The increased number of students entering postsecondary institutions might appear as a win to those who have been advocating for greater college-going rates. But a recent New York Times article that examines the rising enrollment at community colleges highlights the importance of a strong pipeline between secondary and postsecondary institutions. Without the connection, students are entering postsecondary institutions to spend significant time and money on remedial courses, and are less likely to graduate.

The increased enrollment matched with the swell of remedial needs are straining resources at community colleges and sparking national discussions about how to address the issue. Do community colleges restructure to provide more remedial support? Do high schools take on the entire responsibility of preparing students for college?

Perhaps the conversation to be had is about how programs of study (POS), which link secondary and postsecondary learning, are designed to target this issue. POS is a structured sequence of academic and CTE courses aligned from secondary to postsecondary that leads a student to college and career readiness, and specifically to earn a postsecondary-level credential. The National Career Clusters framework serves as the overarching tool that organizes POS according to the industry in which students are studying, which supports career readiness goals.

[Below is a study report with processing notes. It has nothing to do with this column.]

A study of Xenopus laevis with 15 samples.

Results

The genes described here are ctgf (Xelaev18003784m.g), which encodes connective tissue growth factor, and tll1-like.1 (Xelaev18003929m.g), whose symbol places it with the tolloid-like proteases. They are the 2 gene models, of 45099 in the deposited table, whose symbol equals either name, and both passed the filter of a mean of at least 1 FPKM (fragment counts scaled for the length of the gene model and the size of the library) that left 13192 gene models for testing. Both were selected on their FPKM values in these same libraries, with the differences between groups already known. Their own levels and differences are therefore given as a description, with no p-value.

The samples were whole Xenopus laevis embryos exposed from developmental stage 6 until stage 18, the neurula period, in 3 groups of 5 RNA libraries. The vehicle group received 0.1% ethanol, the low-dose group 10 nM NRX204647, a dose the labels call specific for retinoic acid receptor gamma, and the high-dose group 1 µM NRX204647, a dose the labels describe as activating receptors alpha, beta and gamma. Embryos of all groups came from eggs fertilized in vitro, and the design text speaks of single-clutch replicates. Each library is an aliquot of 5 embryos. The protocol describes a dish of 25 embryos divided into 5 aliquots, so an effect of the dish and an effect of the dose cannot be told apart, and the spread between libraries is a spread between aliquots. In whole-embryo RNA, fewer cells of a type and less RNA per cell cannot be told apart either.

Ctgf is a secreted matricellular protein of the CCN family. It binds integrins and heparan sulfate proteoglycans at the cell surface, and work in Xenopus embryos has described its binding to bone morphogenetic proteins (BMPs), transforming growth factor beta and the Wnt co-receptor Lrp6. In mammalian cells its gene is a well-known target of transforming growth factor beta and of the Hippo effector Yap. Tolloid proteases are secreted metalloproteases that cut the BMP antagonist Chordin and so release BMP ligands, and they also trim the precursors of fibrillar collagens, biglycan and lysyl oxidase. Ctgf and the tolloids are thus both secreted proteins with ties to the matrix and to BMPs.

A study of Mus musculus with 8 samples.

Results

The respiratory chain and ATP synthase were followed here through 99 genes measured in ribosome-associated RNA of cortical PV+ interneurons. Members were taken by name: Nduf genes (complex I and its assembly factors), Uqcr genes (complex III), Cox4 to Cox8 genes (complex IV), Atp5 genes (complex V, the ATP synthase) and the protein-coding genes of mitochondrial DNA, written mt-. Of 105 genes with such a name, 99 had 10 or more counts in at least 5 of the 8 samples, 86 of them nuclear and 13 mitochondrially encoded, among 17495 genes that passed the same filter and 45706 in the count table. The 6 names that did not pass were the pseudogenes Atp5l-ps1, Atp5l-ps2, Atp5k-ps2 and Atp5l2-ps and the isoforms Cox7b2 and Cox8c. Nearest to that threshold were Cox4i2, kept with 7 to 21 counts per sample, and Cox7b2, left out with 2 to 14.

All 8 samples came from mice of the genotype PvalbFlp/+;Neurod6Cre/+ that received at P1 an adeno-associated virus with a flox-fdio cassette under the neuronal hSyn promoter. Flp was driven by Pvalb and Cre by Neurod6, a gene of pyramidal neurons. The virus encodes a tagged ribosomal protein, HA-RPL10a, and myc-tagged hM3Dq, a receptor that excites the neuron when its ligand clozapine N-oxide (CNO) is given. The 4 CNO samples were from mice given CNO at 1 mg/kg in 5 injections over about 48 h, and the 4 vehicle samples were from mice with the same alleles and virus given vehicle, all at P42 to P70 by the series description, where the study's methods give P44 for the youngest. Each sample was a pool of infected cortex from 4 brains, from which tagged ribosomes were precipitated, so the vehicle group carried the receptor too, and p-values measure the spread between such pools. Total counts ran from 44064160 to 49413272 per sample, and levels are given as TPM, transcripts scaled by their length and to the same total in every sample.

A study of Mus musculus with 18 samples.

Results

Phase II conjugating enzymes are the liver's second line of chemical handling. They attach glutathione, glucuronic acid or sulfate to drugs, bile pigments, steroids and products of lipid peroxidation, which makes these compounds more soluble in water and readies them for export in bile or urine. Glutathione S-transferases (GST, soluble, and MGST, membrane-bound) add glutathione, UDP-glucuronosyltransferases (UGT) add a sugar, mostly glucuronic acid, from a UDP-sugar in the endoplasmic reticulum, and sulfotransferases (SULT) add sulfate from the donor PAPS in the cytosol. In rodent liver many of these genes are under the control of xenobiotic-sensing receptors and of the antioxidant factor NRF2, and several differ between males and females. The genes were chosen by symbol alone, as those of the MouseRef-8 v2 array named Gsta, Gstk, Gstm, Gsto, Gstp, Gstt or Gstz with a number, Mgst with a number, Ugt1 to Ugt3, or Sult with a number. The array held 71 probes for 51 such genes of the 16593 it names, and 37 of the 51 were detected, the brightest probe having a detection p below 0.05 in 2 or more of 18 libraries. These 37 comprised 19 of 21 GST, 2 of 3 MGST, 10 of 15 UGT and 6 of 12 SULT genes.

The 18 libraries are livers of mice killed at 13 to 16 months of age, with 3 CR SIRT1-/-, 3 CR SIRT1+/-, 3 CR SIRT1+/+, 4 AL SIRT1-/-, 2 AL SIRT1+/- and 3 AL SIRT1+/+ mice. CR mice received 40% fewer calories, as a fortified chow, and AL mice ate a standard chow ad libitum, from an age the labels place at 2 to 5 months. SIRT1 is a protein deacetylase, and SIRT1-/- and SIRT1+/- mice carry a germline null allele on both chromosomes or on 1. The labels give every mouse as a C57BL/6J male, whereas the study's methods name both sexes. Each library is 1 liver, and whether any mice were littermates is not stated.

Alignment of secondary and postsecondary institutions is critical if the nation wants to do more than simply send students to college.

In New York, at the high-serving City University of New York (CUNY), work has begun. According to the New York Times, the New York City Department of Education is now tracking high school’s students’ performance in college, and starting in 2012, will measure student’s college readiness in its annual school progress reports. Further, the city education department and CUNY are working together to align their academic standards and curriculums.